Bienvenue à Woodridge!

From the popular Korean game Ddakji to an impromptu game of American football; traditional cultural dress from countries around the world to contemporary Western styles, and families who moved to the States in the past year to those who have been here for multiple generations, Woodridge students and their families came together for the school’s second annual Festival of Cultures in early December.

“Getting to know different countries and how to say stuff and write, and what they eat, and what they play — that was my favorite part,” Woodridge second grader Sheo Kim said.

Families enjoyed a multi-national feast of dishes and treats from South America, Eastern Europe, the Middle East and Asia, as well as time sharing and celebrating cultures.

At the school, 32 languages are represented.

Planning for the event began at the beginning of the school year, led by PTSA Co-Vice Presidents of Programs Sanaz Nowtash and Susan Ishii-Yin.

“We wanted to create an event that brought everybody together,” Ishii-Yin said. “This is our second year with the Festival of Cultures. Showcasing your culture, especially with food, is a great way of bringing the community together. It’s a great way to get to know other families that go to our school.”

Families tasting international cuisine

Families were invited to sign up to host a table, including making a recipe from their culture to share, as well as having information about their country, traditions, and the educational system. Several families also had activities or games that students could learn.

“I believe it’s important to learn as much as we can about others and their cultures, in order to bring unity to our community and this world,” Hepworth said. “When we can all take the time to listen, learn and share, we can also learn how to increase our understanding of commonalities and celebrate our differences.”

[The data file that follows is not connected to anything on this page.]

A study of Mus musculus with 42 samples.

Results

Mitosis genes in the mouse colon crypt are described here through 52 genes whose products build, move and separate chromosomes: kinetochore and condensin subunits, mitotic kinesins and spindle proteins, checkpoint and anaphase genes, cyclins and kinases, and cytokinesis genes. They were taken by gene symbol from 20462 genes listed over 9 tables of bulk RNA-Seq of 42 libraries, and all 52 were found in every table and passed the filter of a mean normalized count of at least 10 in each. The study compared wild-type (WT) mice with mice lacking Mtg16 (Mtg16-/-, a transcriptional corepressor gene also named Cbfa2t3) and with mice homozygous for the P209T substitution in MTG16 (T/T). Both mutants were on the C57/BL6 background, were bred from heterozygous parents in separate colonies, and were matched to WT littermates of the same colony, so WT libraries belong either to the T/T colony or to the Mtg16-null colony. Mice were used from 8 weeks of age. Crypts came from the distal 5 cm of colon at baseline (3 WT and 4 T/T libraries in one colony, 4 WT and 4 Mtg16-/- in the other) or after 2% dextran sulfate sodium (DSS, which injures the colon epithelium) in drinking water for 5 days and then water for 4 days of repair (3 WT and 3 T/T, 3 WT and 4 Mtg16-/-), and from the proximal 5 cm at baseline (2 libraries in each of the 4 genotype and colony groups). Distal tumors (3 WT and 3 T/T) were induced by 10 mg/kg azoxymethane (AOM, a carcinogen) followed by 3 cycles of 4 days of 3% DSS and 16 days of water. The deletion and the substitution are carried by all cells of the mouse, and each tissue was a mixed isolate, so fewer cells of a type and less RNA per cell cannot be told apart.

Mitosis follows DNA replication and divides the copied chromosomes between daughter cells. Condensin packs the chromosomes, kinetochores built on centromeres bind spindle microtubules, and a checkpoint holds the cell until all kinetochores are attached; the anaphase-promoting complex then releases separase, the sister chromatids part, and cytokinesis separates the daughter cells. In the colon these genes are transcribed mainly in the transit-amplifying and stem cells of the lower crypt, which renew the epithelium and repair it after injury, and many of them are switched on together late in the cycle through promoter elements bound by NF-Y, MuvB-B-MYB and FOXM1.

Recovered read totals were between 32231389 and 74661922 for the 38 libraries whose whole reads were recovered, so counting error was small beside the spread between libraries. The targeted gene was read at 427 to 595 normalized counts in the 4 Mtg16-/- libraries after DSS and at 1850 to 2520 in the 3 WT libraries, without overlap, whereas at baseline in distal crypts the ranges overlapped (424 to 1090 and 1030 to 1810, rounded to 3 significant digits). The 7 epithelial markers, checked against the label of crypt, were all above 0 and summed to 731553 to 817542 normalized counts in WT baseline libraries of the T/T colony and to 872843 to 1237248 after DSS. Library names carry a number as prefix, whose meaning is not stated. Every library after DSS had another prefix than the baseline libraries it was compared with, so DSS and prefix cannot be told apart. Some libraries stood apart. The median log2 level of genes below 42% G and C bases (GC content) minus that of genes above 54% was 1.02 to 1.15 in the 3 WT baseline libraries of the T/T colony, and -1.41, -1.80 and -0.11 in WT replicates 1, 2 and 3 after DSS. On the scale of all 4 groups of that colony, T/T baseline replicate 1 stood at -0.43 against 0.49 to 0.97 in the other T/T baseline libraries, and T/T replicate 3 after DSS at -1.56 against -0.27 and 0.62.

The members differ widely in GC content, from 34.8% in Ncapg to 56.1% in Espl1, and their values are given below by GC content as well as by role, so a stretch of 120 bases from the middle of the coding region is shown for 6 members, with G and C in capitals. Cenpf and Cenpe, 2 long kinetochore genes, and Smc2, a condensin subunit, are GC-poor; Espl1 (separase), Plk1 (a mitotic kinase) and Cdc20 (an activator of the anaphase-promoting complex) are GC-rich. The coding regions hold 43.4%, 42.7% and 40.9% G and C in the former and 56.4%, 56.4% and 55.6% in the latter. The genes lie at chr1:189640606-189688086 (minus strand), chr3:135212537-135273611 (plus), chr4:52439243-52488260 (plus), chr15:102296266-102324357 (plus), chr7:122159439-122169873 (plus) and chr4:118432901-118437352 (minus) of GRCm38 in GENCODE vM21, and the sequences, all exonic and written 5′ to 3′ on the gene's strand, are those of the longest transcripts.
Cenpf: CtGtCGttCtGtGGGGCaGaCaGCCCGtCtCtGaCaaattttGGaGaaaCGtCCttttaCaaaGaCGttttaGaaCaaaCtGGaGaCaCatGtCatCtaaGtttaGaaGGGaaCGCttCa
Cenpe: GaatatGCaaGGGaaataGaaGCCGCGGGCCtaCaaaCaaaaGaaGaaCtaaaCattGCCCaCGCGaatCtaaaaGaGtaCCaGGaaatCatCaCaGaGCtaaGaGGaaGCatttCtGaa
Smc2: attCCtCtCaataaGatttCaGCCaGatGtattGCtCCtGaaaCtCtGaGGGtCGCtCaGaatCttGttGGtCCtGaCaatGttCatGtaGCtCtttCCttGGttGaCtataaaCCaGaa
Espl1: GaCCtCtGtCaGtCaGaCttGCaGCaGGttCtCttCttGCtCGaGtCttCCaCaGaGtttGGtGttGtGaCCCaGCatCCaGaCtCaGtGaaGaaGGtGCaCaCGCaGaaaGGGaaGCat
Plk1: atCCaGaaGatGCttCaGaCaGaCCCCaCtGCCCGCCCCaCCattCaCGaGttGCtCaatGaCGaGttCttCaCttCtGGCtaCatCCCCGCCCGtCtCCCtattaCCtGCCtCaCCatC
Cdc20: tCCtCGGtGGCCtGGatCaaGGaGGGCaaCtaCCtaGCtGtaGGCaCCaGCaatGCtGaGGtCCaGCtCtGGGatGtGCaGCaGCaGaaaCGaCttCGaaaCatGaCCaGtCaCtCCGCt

Unity is one of the virtues highlighted districtwide during the year and Hepworth said that they are continuously looking for ways to engage the school community in learning and applying them.

“I believe that we need to model the virtues and find opportunities for our students to engage in them as they become global citizens,” Hepworth said.  “At Woodridge, the virtue of unity is a core value we believe in teaching and modeling for each of our students, staff and families and our Festival of Culture celebration helps contribute to this endeavor!”

Countries represented at the festival included Albania, China, India, Iran, Japan, Korea, Mexico, Russia, Ukraine, and Venezuela.

Nowtash said that it was exciting to see her children embracing, and sharing their American and Iranian cultures. “My kids, they consider themselves American when we talk about their background,” she said. “But when it comes to Festival of Cultures they were so interested: They were asking from day one ‘When is it going to be?’ And it’s interesting, they go grab their friends and bring them and say, ‘come try this food, come try this instrument,’ and they are very excited about it.”

The Bellevue School District acknowledges that we learn, work, live and gather on the Indigenous Land of the Coast Salish peoples, specifically the Duwamish and Snoqualmie Tribes. We thank these caretakers of this land, who have lived and continue to live here, since time immemorial.